Nuclear power is one of the most efficient forms of electricity generation on Earth—most of the time. Lots of things are radioactive, and not all levels of radiation are useful for generating power. That didn’t stop YouTube tinkerer Ian Charnas from retrofitting a handheld gaming device with a nuclear powered battery that takes two months to charge and lets you game for about an hour, all to play a little Tetris.
As first spotted by Hackaday, Charnas’ handheld Tetris style machine uses tritium as its source of nuclear fuel. Tritium is a rare isotope of hydrogen that’s gaseous and mildly radioactive. As he explains in a YouTube video walking viewers through his process, anyone can buy glass tubes of tritium that give off a pleasant radioactive glow in various colors. Charnas’ plan was to use tritium to create a solar cell that converted the light of the tritium into energy.
The design for the tritium battery isn’t new, and it's also not powerful. For the project, Charnas laid out a line of tritium vials and wrapped it in solar cells. That was the easy part. The hard part was finding a battery that could hold the energy generated faster than it would dissipate. Charnas tracked down thin-film solid-state batteries that leak very slowly.
The problem is that the solid-state batteries are nightmares to work with, he explained in the video. They’re so small and finicky that it’s hard to get them lined up properly on a circuit board. Machines typically handle the precise measurements of aligning a solid-state battery, but Charnas had to do it by hand.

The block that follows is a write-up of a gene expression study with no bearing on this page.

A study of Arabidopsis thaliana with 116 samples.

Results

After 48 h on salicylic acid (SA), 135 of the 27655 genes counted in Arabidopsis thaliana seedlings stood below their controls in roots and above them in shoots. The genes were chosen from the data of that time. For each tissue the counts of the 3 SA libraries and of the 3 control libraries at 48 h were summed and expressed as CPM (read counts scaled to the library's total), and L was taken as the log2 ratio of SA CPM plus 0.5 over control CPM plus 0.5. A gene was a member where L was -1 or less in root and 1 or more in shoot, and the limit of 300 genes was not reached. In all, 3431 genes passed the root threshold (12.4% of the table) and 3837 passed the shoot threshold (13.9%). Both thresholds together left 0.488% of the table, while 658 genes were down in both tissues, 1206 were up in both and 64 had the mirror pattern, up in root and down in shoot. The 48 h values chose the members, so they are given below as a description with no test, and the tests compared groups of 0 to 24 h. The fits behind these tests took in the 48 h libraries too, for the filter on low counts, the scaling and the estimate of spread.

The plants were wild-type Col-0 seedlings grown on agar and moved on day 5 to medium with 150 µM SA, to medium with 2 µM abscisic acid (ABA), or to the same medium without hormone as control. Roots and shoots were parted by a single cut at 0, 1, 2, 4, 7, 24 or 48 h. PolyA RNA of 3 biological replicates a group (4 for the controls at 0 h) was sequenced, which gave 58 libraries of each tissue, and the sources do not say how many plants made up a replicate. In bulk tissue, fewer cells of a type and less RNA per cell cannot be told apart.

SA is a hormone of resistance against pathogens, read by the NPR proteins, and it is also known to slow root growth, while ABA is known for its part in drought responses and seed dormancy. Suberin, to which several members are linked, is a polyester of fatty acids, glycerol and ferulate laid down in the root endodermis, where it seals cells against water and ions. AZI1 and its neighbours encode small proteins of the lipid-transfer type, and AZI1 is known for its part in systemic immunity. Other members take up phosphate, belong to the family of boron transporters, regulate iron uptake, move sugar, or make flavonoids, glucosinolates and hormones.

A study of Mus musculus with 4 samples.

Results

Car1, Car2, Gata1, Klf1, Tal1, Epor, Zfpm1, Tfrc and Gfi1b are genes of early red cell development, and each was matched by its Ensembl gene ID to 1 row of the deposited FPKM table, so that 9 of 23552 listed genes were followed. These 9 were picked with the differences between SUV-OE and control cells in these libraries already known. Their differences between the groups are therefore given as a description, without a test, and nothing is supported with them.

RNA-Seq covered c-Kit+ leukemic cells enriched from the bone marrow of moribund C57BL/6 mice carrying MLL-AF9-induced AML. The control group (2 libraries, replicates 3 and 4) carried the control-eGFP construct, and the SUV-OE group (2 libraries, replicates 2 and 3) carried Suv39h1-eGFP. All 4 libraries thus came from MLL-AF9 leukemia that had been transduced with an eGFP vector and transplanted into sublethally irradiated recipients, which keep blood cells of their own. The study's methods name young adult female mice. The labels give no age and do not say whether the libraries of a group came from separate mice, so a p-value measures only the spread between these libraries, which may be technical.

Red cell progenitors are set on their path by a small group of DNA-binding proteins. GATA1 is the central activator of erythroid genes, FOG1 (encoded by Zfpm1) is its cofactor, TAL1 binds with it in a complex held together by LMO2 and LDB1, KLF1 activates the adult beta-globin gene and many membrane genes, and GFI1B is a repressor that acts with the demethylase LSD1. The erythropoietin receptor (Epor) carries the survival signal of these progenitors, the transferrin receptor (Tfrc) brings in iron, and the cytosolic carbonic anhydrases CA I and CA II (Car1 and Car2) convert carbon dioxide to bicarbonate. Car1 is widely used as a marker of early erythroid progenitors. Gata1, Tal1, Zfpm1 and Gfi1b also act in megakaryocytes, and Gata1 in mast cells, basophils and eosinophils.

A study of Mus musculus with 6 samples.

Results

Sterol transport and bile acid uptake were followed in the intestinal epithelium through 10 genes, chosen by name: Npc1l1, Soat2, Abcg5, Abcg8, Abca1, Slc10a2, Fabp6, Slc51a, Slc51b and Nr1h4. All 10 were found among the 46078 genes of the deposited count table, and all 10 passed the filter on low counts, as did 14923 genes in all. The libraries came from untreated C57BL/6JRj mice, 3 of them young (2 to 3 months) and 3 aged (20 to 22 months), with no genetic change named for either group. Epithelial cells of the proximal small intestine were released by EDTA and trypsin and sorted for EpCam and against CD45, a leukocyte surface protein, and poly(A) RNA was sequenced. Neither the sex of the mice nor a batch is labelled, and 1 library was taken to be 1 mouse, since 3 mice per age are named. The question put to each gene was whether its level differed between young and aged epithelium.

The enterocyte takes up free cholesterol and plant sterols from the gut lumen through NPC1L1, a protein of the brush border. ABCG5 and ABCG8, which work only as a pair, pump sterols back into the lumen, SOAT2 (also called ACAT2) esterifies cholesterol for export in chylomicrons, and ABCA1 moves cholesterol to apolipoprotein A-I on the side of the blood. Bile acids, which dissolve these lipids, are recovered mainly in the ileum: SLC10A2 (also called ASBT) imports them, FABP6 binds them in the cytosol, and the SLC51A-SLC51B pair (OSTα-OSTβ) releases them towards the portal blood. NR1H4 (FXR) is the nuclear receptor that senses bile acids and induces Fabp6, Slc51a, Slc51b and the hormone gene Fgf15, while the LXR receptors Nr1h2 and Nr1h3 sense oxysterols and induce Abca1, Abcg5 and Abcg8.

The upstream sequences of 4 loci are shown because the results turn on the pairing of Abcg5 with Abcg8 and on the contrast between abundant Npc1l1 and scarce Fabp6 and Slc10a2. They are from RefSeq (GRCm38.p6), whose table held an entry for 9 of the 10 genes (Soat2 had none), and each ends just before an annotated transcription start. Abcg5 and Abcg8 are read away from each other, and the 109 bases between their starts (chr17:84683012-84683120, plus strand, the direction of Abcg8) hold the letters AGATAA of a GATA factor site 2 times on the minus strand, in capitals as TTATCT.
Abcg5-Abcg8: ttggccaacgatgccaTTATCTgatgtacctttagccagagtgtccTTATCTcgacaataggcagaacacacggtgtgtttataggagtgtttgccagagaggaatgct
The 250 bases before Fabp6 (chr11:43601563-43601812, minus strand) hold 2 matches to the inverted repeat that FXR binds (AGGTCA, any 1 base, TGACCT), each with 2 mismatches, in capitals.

Originally, his goal was to use a tritium cell to power a Game Boy. At maximum power, his nuclear fuel cell was only generating 1.5 microwatts, though. “It turns out an actual Game Boy uses almost a million microwatts which is way too much,” he said in his video. “So I bought a bunch of cheap knockoffs from the Dollar Store and found one that only uses about 1,000 microwatts.”
The handheld device Charnas used was a simple Tetris style machine running the game on a cheap LED screen with no backlight. It’s the perfect system to test such a ludicrous nuclear powered battery, and Charnas charged the batteries for two months before flipping on the machine.
It ran for one hour. It’s certainly not the most efficient Tetris style machine ever invented but it’s still a fascinating feat of engineering. Charnas is raffling off the nuclear powered Tetrix machine and donating the proceeds to a charity that helps children living near Chernobyl. Raffle tickets are only $1.